Lord Lambourne Apple (Malus domestica Lord Lambourne) Img 1Lord Lambourne Apple (Malus domestica Lord Lambourne) Img 1Lord Lambourne  Apple Tree - Bush - 10 litre Pot

Lord Lambourne Apple Trees

Malus domestica Lord LambournePlant guarantee for 1 yearFeefo logo

The details

  • Height:to 4.5m
  • Use: Eating
  • Pruning: Partial tip bearer
  • Pollination: Partially self-fertile
  • Picking: September
  • Apple colour: orangeyB green / red
  • Pollination Group: Group C
  • RHS Award of Garden Merit

Malus domestica Lord Lambourne: Eating Apple Trees

Lord Lambourne is one of those prodigies who took all the best bits from both of his parents, James Grieve and Worcester Pearmain, and became something quite different. The apple is a pleasing round shape and looks streaky red over orange/green with a smidgen of russeting present.
Lord Lambourne is the earliest of the aromatic apples to fruit - very apple-y with a strong and pleasant taste that is tempered by clear acidity and will sweeten over time, even after picking. The flesh is clean white and juicy to the bite.

His blossom comes in early May and will reliably survive a frost or two, so you are almost always guaranteed a crop even in a chilly Spring.

Browse our range of apple trees or all our fruit trees.

Features

  • Height: bushes to 3m, half standards to 4.5m
  • Use: Aromatic Eating
  • Pruning: Partial tip bearer
  • Pollination: Partially self-fertile
  • Picking: September
  • Apple colour: orangey green / red
  • Pollination Group C
  • RHS Award of Garden Merit

Growing Lord Lambourne

Lord Lambo (to his friends) is very easy to grow, being highly resistant to scab and hard winters. Being partially self-fertile, it is recommended that you have another apple tree close by from Group C or D unless you have some flowering crab apples in the vicinity which will also do the job. A suggestion would be a very different dessert apple, Jupiter - an enormous contrast in taste and size - because one of Lord Lambourne's attractions is the small size of its fruit making them very attractive for children. An unusual cooker would be Howgate Wonder which doubles up as an eating apple later in the season.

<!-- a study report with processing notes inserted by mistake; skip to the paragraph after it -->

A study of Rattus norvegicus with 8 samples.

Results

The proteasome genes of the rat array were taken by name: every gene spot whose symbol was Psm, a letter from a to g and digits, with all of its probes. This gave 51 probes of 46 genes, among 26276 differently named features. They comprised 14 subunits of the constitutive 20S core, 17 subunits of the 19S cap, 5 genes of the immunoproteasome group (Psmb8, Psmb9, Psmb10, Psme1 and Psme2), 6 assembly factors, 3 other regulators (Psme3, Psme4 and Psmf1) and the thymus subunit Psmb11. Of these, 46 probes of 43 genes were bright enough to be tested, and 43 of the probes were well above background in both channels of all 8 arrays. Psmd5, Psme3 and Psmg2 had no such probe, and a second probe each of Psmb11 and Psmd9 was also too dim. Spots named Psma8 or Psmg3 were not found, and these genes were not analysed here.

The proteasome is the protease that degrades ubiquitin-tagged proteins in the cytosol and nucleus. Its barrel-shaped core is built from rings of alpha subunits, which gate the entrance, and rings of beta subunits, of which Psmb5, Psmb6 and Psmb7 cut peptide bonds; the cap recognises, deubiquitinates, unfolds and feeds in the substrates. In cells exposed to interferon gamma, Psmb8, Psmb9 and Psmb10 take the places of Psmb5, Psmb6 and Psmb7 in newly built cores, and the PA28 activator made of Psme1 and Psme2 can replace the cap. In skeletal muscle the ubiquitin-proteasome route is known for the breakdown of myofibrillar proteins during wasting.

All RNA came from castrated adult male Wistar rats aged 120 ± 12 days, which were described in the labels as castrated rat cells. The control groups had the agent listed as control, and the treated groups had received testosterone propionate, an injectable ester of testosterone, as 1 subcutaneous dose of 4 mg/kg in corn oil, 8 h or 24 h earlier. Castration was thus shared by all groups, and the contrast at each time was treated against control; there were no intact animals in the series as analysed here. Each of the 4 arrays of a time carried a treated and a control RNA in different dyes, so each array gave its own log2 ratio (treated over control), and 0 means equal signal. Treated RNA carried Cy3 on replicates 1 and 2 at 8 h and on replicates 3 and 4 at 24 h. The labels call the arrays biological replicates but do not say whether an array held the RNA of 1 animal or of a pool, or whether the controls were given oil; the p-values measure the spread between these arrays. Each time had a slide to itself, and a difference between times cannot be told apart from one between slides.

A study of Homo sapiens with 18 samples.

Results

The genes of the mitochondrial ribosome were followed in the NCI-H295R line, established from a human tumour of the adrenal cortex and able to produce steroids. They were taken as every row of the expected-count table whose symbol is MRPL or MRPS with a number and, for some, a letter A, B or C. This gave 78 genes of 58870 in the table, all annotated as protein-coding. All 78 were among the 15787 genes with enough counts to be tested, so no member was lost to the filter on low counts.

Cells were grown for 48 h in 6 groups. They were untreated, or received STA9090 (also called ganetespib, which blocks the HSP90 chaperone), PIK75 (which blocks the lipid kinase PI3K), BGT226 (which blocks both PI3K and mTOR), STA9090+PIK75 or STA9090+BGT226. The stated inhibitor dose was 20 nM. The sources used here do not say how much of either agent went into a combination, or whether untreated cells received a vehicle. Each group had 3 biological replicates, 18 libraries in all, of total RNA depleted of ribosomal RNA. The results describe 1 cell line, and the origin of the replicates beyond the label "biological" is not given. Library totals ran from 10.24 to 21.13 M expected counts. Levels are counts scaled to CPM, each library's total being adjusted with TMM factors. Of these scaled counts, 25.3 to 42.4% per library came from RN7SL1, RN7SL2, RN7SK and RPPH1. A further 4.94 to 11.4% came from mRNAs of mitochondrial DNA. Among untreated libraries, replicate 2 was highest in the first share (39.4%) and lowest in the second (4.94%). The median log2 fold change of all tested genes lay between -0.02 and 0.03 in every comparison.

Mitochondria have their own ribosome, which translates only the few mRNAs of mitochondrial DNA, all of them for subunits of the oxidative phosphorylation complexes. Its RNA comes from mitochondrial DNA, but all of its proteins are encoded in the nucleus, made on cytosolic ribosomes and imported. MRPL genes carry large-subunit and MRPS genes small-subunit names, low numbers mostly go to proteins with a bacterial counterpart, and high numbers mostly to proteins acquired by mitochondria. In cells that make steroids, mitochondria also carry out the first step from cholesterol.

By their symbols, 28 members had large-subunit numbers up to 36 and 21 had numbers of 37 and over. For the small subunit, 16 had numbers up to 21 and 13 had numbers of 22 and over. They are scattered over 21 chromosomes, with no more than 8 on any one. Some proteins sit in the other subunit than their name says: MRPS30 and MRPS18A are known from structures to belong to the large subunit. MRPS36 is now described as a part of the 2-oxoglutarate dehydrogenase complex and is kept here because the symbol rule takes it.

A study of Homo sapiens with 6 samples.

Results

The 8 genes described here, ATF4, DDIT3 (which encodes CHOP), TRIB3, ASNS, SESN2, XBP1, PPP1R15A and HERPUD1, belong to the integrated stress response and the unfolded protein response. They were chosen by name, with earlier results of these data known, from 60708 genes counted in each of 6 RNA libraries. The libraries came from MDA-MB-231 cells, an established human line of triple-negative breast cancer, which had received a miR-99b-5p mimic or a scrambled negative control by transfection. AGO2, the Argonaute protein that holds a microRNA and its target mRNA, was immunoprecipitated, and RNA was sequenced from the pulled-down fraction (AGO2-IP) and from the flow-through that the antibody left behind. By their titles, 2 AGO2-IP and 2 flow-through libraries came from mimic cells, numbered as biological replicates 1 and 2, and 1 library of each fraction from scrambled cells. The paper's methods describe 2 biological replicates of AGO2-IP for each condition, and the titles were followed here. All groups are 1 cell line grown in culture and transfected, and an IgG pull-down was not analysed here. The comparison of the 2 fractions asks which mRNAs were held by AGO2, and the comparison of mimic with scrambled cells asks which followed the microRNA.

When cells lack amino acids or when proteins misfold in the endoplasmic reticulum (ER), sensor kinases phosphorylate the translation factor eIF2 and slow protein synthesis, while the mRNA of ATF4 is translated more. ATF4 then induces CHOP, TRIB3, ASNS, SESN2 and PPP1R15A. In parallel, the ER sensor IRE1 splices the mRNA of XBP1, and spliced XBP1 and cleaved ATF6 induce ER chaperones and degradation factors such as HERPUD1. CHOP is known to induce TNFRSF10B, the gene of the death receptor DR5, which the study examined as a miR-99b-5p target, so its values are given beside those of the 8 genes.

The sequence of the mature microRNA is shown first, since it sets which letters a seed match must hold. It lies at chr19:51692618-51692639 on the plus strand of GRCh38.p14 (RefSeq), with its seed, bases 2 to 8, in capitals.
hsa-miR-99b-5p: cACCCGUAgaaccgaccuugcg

If you are planning to put your tree somewhere prominent in the garden then you could try growing some lovely May tulips like White Triumphator around it for added effect.

Did You Know?

The tree itself was introduced by Laxton Brothers in Bedford, of Laxtons Superb fame, and may well have been named after Amelius Lockwood (1847-1928) who became the first Baron Lambourne in 1917 (and, as it turned out, the last), having been the President of the RHS and the vice president of the RSPCA: flora and fauna in one!

Planting Instructions

Clear and weed a circle at least 1m in diameter (and keep it weeded after planting your Lord Lambourne).

Make a square hole that is comfortably wider than the treebs roots but only 5 cm deeper. The hole should be at least 30cms from any wall.

Bang in a tree stake off centre and to the south west if the tree is free standing.

Soak the roots in water for at least an hour.

Mound a little soil in the bottom of the hole and settle the tree roots on it until the soil mark on the trunk is at the same level as the surrounding soil and/or the grafting scion is at least 5cms above soil level. Remove the tree, sprinkle Rootgrow in the hole, wet the roots again to ensure good contact with the Rootgrow and return to the hole.

Backfill slowly, treading down gently as you go. Use a tree tie to attach your tree to the stake if freestanding.

Fit a treeguard. Water in with about 2 gallons/9 litres of water. Mulch the whole area. Water again the next day and then weekly afterwards through the first summer.